Rajni Kannan, MN, RN, ANP
“To see that it’s being studied in other cancers, and it’s actually showing such an amazing response in smokers who have lung cancer, is something we haven’t seen—to actually have a treatment other than chemotherapy that might work in lung cancer.”
Nivolumab is being studied in the melanoma setting at her clinic. “We call it the drug of ‘itises’— because it can trigger any ‘itis,’ but, in fact, most patients are tolerating it very, very well,” Kannan explained.
She said they are not seeing the side effects originally reported in the initial studies, but just mild changes in colitis and dermatitis, for example. “There is a higher risk for pneumonitis, but we haven’t really seen a lot of toxicities,” she added.
In fact, she noted, they have been seeing less toxicity and better responses with nivolumab than with ipilimumab, the FDA-approved immunotherapy for patients with metastatic melanoma . Her institution is participating in a phase II melanoma trial of both agents used in combination that is currently recruiting participants.
For nurses working with these immunotherapies, Kannan said it is important to have a basic understanding of immunology, because the immune system is involved in so many aspects of the body—from bowel function to temperature control.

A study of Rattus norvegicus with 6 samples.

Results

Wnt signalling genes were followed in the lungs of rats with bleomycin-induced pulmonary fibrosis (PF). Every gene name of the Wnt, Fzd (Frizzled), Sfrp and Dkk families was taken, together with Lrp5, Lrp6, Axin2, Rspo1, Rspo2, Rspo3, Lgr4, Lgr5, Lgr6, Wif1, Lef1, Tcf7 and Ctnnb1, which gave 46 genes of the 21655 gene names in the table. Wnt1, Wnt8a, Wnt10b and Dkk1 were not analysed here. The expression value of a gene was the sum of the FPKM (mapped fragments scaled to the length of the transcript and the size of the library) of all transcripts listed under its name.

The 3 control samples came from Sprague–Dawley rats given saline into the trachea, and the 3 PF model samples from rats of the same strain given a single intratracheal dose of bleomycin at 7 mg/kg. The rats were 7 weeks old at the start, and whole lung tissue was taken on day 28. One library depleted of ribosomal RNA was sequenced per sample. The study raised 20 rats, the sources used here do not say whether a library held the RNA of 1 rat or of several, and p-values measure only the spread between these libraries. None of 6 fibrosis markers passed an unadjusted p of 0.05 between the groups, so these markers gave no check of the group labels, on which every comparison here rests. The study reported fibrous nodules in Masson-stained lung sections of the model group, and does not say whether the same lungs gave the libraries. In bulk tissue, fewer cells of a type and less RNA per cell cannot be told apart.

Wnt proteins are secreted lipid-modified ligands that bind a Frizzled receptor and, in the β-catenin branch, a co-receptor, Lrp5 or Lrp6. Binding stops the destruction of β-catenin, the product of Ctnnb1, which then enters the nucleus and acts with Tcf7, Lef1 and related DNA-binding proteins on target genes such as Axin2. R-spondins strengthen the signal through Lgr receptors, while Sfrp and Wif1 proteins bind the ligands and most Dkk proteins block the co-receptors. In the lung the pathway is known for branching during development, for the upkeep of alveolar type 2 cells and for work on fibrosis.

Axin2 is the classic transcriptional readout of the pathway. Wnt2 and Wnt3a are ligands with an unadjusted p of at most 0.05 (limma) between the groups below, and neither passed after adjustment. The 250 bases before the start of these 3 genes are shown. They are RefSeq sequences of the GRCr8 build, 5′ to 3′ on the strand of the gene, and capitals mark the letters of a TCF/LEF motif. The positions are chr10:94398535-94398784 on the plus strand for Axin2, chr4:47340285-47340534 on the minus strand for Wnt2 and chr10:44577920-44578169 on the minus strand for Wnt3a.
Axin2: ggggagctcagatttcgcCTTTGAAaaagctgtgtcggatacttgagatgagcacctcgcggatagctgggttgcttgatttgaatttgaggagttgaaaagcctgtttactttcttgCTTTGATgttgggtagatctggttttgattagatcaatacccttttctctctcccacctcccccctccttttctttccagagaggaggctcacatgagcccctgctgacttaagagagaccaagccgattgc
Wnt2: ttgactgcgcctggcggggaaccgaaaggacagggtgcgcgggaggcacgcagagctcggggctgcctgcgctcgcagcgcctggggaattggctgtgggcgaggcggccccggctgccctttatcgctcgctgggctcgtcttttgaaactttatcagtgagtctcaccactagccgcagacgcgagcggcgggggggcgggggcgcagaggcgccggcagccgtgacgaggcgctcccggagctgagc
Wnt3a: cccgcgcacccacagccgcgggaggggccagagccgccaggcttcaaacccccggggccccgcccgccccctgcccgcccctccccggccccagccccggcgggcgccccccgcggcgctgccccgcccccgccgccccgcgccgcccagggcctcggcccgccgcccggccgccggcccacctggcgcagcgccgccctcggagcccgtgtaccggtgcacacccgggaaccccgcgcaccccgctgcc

“It’s really important to understand the way the immune system works, in order to understand the side effects of all these different new therapies that are out there.”
Patients should be advised to contact their clinician with any changes, no matter how small, she continued. “Early intervention is the best way to keep these side effects from getting worse and to avoid hospitalizations or discontinuation of therapy.”
Kannan said that not only are the responses to these new therapies dramatic, they also appear to be more durable when compared with chemotherapy, even though it may take longer for the patient to respond to the drug.
A champion of clinical trials, Kannan said that it is important for nurses to encourage patients to participate in them and help them to understand that these trials are not meant for “guinea pigs.” Rather, she said, “they are actually taking standard of care treatments and making them better for patients.”